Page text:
This is the time of year when pundits come out of the woodwork to announce their financial predictions for the year. They claim to know the future accurately, and purport to have a track record to prove it. It's an attractive and easy proposition for many investors to follow this advice, especially when there is confusion and uncertainty in the market. Everyone wants to
protect against unexpected risks, and accomplish their family's most important goals.
The unfortunate truth about the crystal ball is that it doesn't exist. If it did, there would always be some investors who are ahead of the market, buy just ahead of rallies, and sell just before downturns. They would be billionaires, and have great stories to tell at cocktail parties.
The reality is that many of the pundits work at think tanks, or sell their advice by subscription to investors. If their prognostications actually worked, they probably wouldn't have to pull a salary at a think tank, or depend on payments from their subscribers.
As an example, David Stockman is an American politician and former businessman who served as a Republican U.S. Representative from the state of Michigan and as the Director of the Office of Management and Budget under President Ronald Reagan. He is relentlessly bearish. Following the 2016 tax law, he predicted a downturn as steep as 70%. However, the S&P 500 rallied 13% in that year. He also forecast crashes in 2012, 2013, 2014, 2015, 2017, and 2018. He is predicting another downturn now for 2019.¹
GREED AND FEAR
Investors should be cautious because many gurus play on greed or fear. A good example is the frenzy over bitcoin investments last year. Bitcoins are a "cryptocurrency" created by Satoshi Nakamoto back in 2009. It is a digital currency that is completely unregulated and completely decentralized. New units of bitcoins are generated by the computational solution of mathematical problems, and operate independently of a central bank.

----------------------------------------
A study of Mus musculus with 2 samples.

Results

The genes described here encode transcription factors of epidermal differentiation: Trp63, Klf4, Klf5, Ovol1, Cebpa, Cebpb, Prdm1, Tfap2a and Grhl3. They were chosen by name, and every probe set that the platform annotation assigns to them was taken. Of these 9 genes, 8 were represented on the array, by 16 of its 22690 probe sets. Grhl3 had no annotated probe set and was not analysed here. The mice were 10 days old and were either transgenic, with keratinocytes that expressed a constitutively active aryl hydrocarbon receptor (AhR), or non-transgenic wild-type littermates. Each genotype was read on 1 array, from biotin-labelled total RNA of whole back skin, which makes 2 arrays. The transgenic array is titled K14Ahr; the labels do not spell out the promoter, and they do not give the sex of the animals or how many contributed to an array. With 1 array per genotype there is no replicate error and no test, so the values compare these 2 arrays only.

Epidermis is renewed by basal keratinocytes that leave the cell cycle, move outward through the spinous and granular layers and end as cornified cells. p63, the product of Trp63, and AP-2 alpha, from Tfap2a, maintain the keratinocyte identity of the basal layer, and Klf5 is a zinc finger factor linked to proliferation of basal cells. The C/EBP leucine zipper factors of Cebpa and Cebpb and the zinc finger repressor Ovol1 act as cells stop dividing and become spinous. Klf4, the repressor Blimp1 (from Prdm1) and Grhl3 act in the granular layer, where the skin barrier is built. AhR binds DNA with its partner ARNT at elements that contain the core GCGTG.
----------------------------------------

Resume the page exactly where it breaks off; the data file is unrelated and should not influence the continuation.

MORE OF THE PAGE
In January 2018, each bitcoin was valued at $14,207². Pantera Capital predicted that bitcoin would be selling for $20,000 by the end of the year. Kay Van-Peterson, Global Macro-Strategist at Saxo Bank, projected that bitcoins would be worth $100,000 by the end of 2018.³ Some grandmas were emptying their savings accounts to buy bitcoins. Now the bitcoin is worth $3,500, despite predictions of limitless wealth.
The current government shutdown is making everyone nervous. Soothsayers are working overtime guessing when and how it will end, and how it will affect the market. The ZeroHedge website reminds us that there have been 20 government shutdowns since October 1, 1976.⁴
The following data show the average impact of a government shutdown on the Standard & Poors 500 index:
* 47% of the time, the market didn't go down at all
* In the 2 weeks during and after the shutdown, on average the market went down 0.13%
* Then, in the month after the shutdown, the average gain in the market was a positive 0.25%
No one likes increased volatility or a government shutdown, but this is not a time to search for magic solutions or submit to panic. One way to improve your portfolio is not to put all your eggs in one basket, for example relying solely on U.S. large company stocks. A globally-diversified portfolio spreads your investment into asset classes that include U.S. large, medium and small companies, global large, medium and small companies, short-maturity bonds, emerging markets, real estate and gold. It's unlikely that all of these asset classes will go down at the same time, and the diversification will help to reduce volatility during uncertain times.
¹ www. cnbc.com
This commentary on this website reflects the personal opinions, viewpoints and analyses of the Kondo Wealth Advisors, Inc. employees providing such comments, and should not be regarded as a description of advisory services provided by Kondo Wealth Advisors, Inc. or performance returns of any Kondo Wealth Advisors, Inc. Investments client. The views reflected in the commentary are subject to change at any time without notice. Nothing on this website constitutes investment advice, performance data or any recommendation that any particular security, portfolio of securities, transaction or investment strategy is suitable for any specific person. Any mention of a particular security and related performance data is not a recommendation to buy or sell that security. Kondo Wealth Advisors, Inc. manages its clients’ accounts using a variety of investment techniques and strategies, which are not necessarily discussed in the commentary. Investments in securities involve the risk of loss. Past performance is no guarantee of future results.